Black’s Blog: ‘You cannot own the land… the land owns you’
Scottish Housing News Podcast co-host Jimmy Black shares his thoughts on the discussion with Community Land Scotland chair Ailsa Raeburn, the community buy out on the Isle of Gigha and the parallels with community-based housing associations.
Folk singer Dougie McLean sings of the mystical bond between people who live and work on the land, something deeply felt by Scotland’s rural communities. The problem is that living on the land is becoming impossible for many who cannot find rented homes and whose incomes do not permit the purchase of houses at inflated prices.
In the absence of the radical reform of land ownership, Community Land Scotland (CLS) is searching for positive solutions to the decline of rural communities. They provide support to local community enterprises such as the Isle of Gigha Heritage Trust which recently celebrated 20 years of owning and managing their own island.
Our ninth episode of The Scottish Housing News Podcast features the chair of CLS, Ailsa Raeburn, an outspoken advocate of community enterprise. It’s not just about housing for CLS; it’s about supporting local people to make their own decisions about the creation of businesses and jobs. Participation is essential, just as it still is in community-based housing associations who also took control of their land and rebuilt their urban communities.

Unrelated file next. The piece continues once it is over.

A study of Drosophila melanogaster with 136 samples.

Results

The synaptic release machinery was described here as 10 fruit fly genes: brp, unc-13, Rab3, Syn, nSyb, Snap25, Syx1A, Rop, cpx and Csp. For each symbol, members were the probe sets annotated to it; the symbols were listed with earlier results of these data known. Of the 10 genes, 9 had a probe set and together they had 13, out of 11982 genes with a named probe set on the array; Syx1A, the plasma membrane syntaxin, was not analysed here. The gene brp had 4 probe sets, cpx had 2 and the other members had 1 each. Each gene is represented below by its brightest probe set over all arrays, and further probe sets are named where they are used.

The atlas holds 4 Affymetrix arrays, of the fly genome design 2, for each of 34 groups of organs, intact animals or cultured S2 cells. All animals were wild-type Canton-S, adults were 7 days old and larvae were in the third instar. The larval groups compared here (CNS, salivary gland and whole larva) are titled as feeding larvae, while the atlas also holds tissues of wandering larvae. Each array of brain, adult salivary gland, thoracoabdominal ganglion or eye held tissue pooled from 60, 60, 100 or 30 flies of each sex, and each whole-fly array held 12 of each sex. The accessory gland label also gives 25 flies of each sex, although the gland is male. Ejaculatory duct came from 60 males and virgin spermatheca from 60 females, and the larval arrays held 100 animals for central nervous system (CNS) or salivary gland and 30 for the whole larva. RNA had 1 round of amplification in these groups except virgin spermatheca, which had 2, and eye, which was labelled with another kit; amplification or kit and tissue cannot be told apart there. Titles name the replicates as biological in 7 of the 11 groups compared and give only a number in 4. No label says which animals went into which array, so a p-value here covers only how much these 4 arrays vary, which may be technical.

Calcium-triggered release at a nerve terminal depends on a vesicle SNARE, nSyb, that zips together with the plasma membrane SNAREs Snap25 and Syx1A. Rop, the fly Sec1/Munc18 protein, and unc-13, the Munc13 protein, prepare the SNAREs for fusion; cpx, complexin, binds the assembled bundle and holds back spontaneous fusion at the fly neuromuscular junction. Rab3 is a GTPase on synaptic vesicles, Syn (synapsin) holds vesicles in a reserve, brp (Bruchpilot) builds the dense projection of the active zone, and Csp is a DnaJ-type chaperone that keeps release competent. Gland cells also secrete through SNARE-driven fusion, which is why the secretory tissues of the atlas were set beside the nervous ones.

On Gigha, the Trust has created a diverse housing market. Fyne Homes Housing Association has developed homes for social rent; the Trust itself lets several properties and there are occasional private lets too. The Trust sells building plots for private residential homes. As a result of this and the new businesses created by the islanders, the population has nearly doubled.
There must be even greater scope for housing associations, with all their expertise and solid financial management, to co-operate with community enterprises to repopulate some of the vast empty areas in the Highlands and Islands.
While there is a romantic attraction to the idea of communities throwing off the shackles of their landlords and creating utopian rural idylls, the reality has to be much more hard-headed than that. The Gigha Heritage Trust struggled with debts and had serious disagreements about selling community assets to pay them. Community democracy can be a bruising process and people fall out; there is no guarantee of success and their survival depends on the decisions they make.
Community buyouts can receive large dollops of government money. They are landlords and exercise considerable power and influence. Interestingly, there is no equivalent of the Scottish Housing Regulator to scrutinise their every move and take them over if they transgress, just OSCR, which provides a very different level of regulation.
They are still in that happy age of innocence that housing associations experienced in the 1980s. Long may that last!